Loss mitigation strategies for the payments business are getting a technology makeover that includes the same kind of emerging analysis used to attract consumers in the first place.
"Identifying which customers or debtors are most likely to pay is a predictive analytical process, and it's really almost the same thing as what banks do when they are looking at acquiring a new customer, cross-selling or retention," says David Wallace, global financial services marketing manager for SAS, a business intelligence developer.
Business intelligence and expanded data sourcing show how consumers prioritize different types of payments. This analysis can then be used to develop pitches to collect distressed debts from consumers, or to provide advice on payment plans to avoid default.
"Having a better understanding of where a customer may be in their current situation helps us to predict their ability to pay us-someone who may have a $2,000 charged off on a credit card may not be able to come up with $2,000, but may pay $25 per week or $200 once per month," says Darrell McCormick, manager of corporate analytics for CBE Group, a company that provides collections and advisory services to clients in the financial services, healthcare, government, utility, telecom and government segments.
CBE uses personal visits, email and text messaging and outbound call centers to reach consumers who have fallen behind on credit card and other payments. The company recently deployed a tech suite that includes the SAS Enterprise Guide and SAS Enterprise Miner.
SAS' Enterprise Guide allows information retrieval, data management, data mining, research, forecasting and data warehousing. It also enables online analytical processing (OLAP), or a method of looking a data from different perspectives — comparing it with other data or viewing in isolation. OLAP is designed to aid in marketing, sales and business process management, but can also be used to view how people pay. Enterprise Minor plies predictive analytics and modeling algorithms such as market basket analysis, which is based on the theory that payments are made in bunches for similar products.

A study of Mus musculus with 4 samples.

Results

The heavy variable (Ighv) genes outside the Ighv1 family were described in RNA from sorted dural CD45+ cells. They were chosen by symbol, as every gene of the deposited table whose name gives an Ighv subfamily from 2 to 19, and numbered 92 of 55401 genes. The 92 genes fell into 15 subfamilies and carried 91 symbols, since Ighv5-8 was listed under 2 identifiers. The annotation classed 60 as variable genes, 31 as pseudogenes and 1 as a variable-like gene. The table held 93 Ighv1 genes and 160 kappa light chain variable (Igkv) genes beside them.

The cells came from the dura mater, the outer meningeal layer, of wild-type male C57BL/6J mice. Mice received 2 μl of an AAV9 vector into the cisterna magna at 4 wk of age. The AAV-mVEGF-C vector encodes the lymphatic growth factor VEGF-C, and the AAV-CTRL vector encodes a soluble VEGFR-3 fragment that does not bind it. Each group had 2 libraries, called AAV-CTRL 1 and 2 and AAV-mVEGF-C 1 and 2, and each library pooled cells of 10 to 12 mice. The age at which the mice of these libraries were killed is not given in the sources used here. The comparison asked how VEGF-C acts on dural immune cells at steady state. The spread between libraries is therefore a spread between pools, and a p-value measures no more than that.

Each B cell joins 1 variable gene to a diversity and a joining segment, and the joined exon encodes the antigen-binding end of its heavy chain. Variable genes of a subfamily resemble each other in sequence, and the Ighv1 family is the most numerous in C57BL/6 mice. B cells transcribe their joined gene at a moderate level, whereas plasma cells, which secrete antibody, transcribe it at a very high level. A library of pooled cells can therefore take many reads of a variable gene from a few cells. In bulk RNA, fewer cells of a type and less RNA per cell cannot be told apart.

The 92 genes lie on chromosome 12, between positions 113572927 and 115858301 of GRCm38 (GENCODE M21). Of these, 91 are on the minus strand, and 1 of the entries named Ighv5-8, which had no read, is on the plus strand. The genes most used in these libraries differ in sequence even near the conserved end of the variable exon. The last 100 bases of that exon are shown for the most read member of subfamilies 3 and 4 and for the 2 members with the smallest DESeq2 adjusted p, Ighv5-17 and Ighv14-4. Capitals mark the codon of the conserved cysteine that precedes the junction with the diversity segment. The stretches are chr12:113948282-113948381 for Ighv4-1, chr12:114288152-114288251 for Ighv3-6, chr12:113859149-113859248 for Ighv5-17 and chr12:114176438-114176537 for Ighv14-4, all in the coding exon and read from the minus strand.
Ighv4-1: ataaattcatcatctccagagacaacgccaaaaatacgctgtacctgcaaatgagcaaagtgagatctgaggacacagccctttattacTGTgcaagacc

"The tech produces a behavior model of a person's propensity to pay, such as how much they are able to repay and the best method to contact them, along with a treatment strategy to get them to repay. One person may be able to transfer money from another account to make a payment, or they may be underwater with other debts, and may be more open to another strategy to manage their overall debt," Wallace says.
SAS' competitors in the business intelligence debt management space include Oracle, which mixes data analytics with online bill payment and presentment to consumers; and SAP, whose platform includes data management, dispute resolution and receivables automation.
As the analysis expands, so does the data sourcing. Analysis of social network activity, for example, can help an issuer determine the impact of an external event-discussion of an auto accident, when combined with more traditional data, can suggest an unexpected debt that can adversely impact card payments.
"There are a whole fresh set of data sets that third parties are integrating with traditional information that can give card issuers better optics into prepayment habits of consumers, that's above and beyond the information that's traditionally gone into credit scores," says Michael Versace, a global research director for IDC Financial Insights.
The CBE deployment is recent, and the company did not report an uptick in performance related to business intelligence. The overall payment delinquency picture in the market is improving, with a number of large issuers reporting improvements. The American Bankers Association's Consumer Credit Delinquency Bulletin found that bank card delinquencies in third quarter 2012 were down 18 basis points to 2.75%, and below the 15-year average of 3.9%.
"The use of advanced analytics has to be part of that improvement. Those [companies] that have used alternative information behind credit data have reported improvements in performance," Versace says.